Swiss pharmaceutical group Roche and the American company Gilead Sciences have resolved their dispute about the licensing of the antiviral Tamiflu.This content was published on November 16, 2005 - 10:10
Gilead, which first developed the treatment, broke off its contract with Roche in June on the grounds that the Swiss firm was failing to market the drug properly.
Under the terms of the new agreement, Roche and Gilead will establish a joint committee to oversee the coordination of global manufacturing, including negotiations to give third parties the right to manufacture the drug.
California-based Gilead announced earlier this year that it did not feel that Roche had commercially captured the imaginations of governments enough for the regular seasonal influenza outbreaks. The Swiss firm purchased the worldwide rights to further develop and market the drug in 1996.
Tamiflu, on the market since 1999, is used in the treatment and post-exposure prevention of influenza. The drug is also considered by the World Health Organization to be the best defence against a bird flu pandemic if the disease spreads to humans.
With the threat of a pandemic, Roche has come under pressure from governments around the world to increase its production capacity for the treatment and said last month that it would consider allowing other parties, such as generic drugmakers, to produce it.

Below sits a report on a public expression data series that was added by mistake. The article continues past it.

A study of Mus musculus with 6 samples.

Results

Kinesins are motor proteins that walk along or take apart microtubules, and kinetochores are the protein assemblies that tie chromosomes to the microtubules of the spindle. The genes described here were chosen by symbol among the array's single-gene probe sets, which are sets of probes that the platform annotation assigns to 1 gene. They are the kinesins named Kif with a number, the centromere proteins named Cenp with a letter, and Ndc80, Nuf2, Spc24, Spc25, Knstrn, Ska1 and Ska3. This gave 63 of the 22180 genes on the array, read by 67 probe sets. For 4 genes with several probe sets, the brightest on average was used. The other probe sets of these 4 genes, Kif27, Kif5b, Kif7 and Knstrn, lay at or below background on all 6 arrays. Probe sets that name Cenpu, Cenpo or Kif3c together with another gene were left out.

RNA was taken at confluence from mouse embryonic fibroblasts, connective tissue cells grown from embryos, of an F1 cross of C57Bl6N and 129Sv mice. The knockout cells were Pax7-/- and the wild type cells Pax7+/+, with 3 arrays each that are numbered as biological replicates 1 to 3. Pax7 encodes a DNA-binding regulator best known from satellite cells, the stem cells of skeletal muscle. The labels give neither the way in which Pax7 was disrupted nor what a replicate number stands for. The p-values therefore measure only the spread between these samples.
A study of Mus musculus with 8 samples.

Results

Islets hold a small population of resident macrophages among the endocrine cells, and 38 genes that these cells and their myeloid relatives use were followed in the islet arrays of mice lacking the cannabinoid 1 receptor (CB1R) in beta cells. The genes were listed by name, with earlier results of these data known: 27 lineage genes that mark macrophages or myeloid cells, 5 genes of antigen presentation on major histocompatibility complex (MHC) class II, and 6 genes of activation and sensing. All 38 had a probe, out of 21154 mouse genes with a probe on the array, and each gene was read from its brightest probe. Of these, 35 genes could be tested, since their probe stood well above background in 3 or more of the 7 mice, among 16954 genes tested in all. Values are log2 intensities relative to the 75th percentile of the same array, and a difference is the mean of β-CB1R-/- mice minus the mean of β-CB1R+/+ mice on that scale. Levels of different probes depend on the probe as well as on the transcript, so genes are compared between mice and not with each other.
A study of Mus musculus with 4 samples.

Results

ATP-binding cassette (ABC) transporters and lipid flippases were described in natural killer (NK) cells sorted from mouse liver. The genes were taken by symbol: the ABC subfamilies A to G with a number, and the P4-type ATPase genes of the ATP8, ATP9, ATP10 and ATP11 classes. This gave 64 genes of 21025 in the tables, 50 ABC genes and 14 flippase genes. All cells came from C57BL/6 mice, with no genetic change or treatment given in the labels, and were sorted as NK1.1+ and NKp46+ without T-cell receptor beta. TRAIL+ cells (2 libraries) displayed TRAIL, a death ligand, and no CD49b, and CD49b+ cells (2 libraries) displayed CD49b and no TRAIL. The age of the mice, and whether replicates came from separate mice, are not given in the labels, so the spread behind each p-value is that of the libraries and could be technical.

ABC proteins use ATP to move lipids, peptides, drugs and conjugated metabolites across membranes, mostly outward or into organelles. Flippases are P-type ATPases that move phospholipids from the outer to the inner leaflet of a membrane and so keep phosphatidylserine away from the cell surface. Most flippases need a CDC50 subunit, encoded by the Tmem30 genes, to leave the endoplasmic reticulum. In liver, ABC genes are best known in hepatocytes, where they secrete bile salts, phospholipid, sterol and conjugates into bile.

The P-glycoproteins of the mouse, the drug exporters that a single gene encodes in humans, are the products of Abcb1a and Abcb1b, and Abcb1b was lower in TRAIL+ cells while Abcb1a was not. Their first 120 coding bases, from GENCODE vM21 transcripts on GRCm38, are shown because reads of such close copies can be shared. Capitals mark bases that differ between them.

Gilead will also have a greater say in selling Tamiflu as a seasonal flu treatment and will have the option to co-promote the drug in specialised areas in the United States.
William Burns, chief executive of Roche Pharmaceuticals division, said in a statement that the redefined agreement was an important step.
"Together, Roche and Gilead will be able to focus their efforts even more on making sure the needs for this medicine can be met, both the treatment and prevention of seasonal influenza as well as for the world stockpiling for pandemic plans," he added.
Gilead's royalty on net sales of Tamiflu is unchanged and will range from 14 to 22 per cent, depending on the volume of sales each year. This would work out at 18 to 19 per cent for 2005, the firms said.
Roche had already sold SFr859 million ($649.8 million) worth of Tamiflu in the first nine months of 2005.
The Swiss company will pay Gilead $62.5 million in royalty reimbursements and has said that the US firm could keep $18.2 million which Roche had already paid after a dispute on royalty calculations for sales in 2001 to 2003.
The Basel-based firm announced last week that it planned to increase production capacity from the current level of 55 million courses of the drug per year to 300 million by the beginning of 2007.
This rapid expansion will be made possible by increasing the number of partners working on different stages of the six-to-eight-month production cycle with Roche. Some 150 companies and a number of governments have already applied for permission to work on the drug's production.
swissinfo with agencies
Tamiflu was invented by Gilead and licensed to Roche in 1996.
The oral treatment has proven effective against influenza A and B and the avian H5N1 strain of influenza currently circulating in the Far East.
In preparation for a possible bird flu pandemic, governments are stockpiling the drug. So far Roche has received bulk orders from around 50 countries.